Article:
The promotion started as a limited-time offer, but it changed how business is done at the 478-unit Golden Corral buffet restaurant chain. Advertised from January through July last year, the “Everyone Deserves a Good Meal, Every Day” program gave diners a different reason to head to Golden Corral each night, all week long.
Before the promotion, menu changes had largely been random and seldom very drastic. But afterward, Wednesday became “Mexican Favorites Night”; Thursday was dubbed “BBQ Night”; Friday became “Fish Fry Night”; and Saturdays became “Steak & Steak Night,” with sirloin and chopped steak as well as pork steak on the grill.
“You could literally come to Golden Corral and have a different dining experience seven days a week,” says Beverly Lynch, vice president of food and beverage for privately owned Golden Corral Corp., which is based in Raleigh, N.C.
The promotion brought in new customers and attracted existing guests more often, she says. In fact, she credits the promotion with double-digit sales growth without having a negative impact on food costs.
Golden Corral reported $1.53 billion in systemwide revenues for 2006, up more than 10 percent from 2005. The company declined to break down per-store numbers.
“Golden Corral had a very good year last year, and this was a big part of it,” Lynch says. Golden Corral is now centering its business model on similar theme promotions to continue the momentum.
The chain currently is promoting its “Applewood Grill,” a nightly offering of steak, pork, chicken and salmon that are each grilled with applewood bacon. While Golden Corral may not have invented promotions of this nature, no competitor had yet introduced a daily theme menu “so explicitly and with such consistency,” says Malcolm Knapp, president of Malcolm M. Knapp Inc., a New York-based foodservice consulting firm.
“They are leading the category because they always look ahead to innovation,” Knapp says. “They have pioneered most of the innovations in the business. They were the first, for example, to have a bakery inside. That was a major step forward as opposed to a microwave that warms stuff up.”
Lynch says the promotion and its daily food themes came about gradually. The chain started its Wednesday steak night about five years ago. That was successful in introducing the idea that, though a buffet attracts diners simply because it is a buffet, a day can be given its own theme. Later, the company added the Friday fish night, and so on.
Nature of promotion: themed dinners each day of the weekRollout: January 2006Company: Golden Corral Corp.Headquarters: Raleigh, N.C.Units: 478Region: 41 statesPrice: $10.99 for buffet dinnerDish developers: the food and beverage department, which is led by Beverly Lynch, vice president of food and beverage; and Debra Olson, senior manager of recipe development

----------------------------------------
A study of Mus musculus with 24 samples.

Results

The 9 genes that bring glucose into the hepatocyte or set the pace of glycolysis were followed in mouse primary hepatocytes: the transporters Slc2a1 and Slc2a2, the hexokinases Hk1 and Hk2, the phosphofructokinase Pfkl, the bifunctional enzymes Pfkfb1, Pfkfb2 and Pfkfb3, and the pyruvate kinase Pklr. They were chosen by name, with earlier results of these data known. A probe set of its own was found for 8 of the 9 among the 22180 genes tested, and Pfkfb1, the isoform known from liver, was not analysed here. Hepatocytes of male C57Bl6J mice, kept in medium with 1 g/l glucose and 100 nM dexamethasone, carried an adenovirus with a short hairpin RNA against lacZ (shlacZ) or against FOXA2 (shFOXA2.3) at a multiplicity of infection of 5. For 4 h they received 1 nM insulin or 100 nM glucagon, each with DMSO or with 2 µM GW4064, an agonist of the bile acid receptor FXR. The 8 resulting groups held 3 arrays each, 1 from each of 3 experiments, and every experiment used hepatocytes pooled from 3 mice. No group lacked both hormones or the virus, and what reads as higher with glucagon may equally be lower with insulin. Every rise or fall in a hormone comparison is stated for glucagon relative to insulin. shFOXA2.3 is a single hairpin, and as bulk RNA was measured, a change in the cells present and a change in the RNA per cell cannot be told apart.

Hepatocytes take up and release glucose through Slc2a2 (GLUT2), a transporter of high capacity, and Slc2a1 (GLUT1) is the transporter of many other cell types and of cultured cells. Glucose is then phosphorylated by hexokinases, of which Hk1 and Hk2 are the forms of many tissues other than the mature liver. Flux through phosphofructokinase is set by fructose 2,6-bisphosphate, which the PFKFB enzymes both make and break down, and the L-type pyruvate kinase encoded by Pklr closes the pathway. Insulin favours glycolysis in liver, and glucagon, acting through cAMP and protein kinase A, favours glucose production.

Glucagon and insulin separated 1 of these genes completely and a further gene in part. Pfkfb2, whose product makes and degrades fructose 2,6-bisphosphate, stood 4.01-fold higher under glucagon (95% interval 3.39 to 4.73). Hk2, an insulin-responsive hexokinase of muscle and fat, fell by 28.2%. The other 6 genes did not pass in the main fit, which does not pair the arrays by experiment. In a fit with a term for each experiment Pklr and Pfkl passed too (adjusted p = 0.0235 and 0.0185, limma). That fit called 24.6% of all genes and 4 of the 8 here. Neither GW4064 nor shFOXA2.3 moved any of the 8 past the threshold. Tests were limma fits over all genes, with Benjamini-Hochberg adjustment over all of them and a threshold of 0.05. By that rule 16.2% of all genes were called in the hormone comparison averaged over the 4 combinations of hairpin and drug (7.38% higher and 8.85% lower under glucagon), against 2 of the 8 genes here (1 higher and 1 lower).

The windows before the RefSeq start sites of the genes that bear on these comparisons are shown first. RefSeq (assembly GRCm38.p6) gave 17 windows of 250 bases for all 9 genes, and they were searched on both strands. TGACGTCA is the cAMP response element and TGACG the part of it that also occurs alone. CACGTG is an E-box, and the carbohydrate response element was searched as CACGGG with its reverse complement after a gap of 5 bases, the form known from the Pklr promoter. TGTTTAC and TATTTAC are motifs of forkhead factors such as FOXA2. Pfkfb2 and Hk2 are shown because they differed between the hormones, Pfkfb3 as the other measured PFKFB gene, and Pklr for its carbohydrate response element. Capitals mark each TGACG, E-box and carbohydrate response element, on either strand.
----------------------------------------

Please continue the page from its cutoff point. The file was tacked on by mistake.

The company spent several months developing and testing the back-of-the-house procedures for the promotion before rolling it out. Golden Corral prides itself on cutting its meats, baking its desserts from scratch, and preparing its fruits and vegetables—and much of its other prep work—on site at each restaurant. So seven nights of new menus meant working out a lot of kinks, says Debra Olson, the company’s senior manager of recipe development.
Olson, who has been with Golden Corral for a decade, has worked in menu development at two other restaurant chains. She says there are some notable operational factors at Golden Corral that differentiate her current job from those she has had before.
“Not many chains in the industry can say they have meat rooms where they cut their own sirloin, prepare their own chicken and pork in the back-of-the-house,” she says. “So that gives us not only freshness in our product, but it gives us versatility in what we can do. From that perspective it’s a very different way of thinking.”
Some back-of-the-house reconfiguring was done for the program, including such new equipment as a station for battering the tilapia served on Fridays.
Lynch says the costs of new items for the program were, as always, thoroughly evaluated. A prospective new menu item goes from the company test kitchen to a product development group made up of franchisees and store operators for cost evaluation.
One item that underwent close scrutiny for the promotion was the steak offered for fajitas on Wednesday’s Mexican foods buffet.
There was concern that steak would run costs up, and a cheaper cut of meat was considered. But as it turned out, about half of those who ate fajitas chose the less-expensive chicken rather than steak. So in the end the steak was cost-effective.
While Golden Corral continues to introduce new promotions, the chain’s open secret is that the “Everyone Deserves a Good Meal, Every Day” promotion never went away. There is no advertising for it, but diners can still come any Monday for Shrimp Night and have five kinds of the shellfish, or they can bring the kids on Tuesdays for Family Night and eat all manner of kid favorites, like pizza, hot dogs, steakburgers and chicken tenders. The chain offers its Sunday promotion, Carver’s Table Night, as well.
“We don’t advertise it anymore, but we keep it going,” says Bob McDevitt, senior vice president of franchising. “So many customers kept asking for it that we couldn’t stop it.”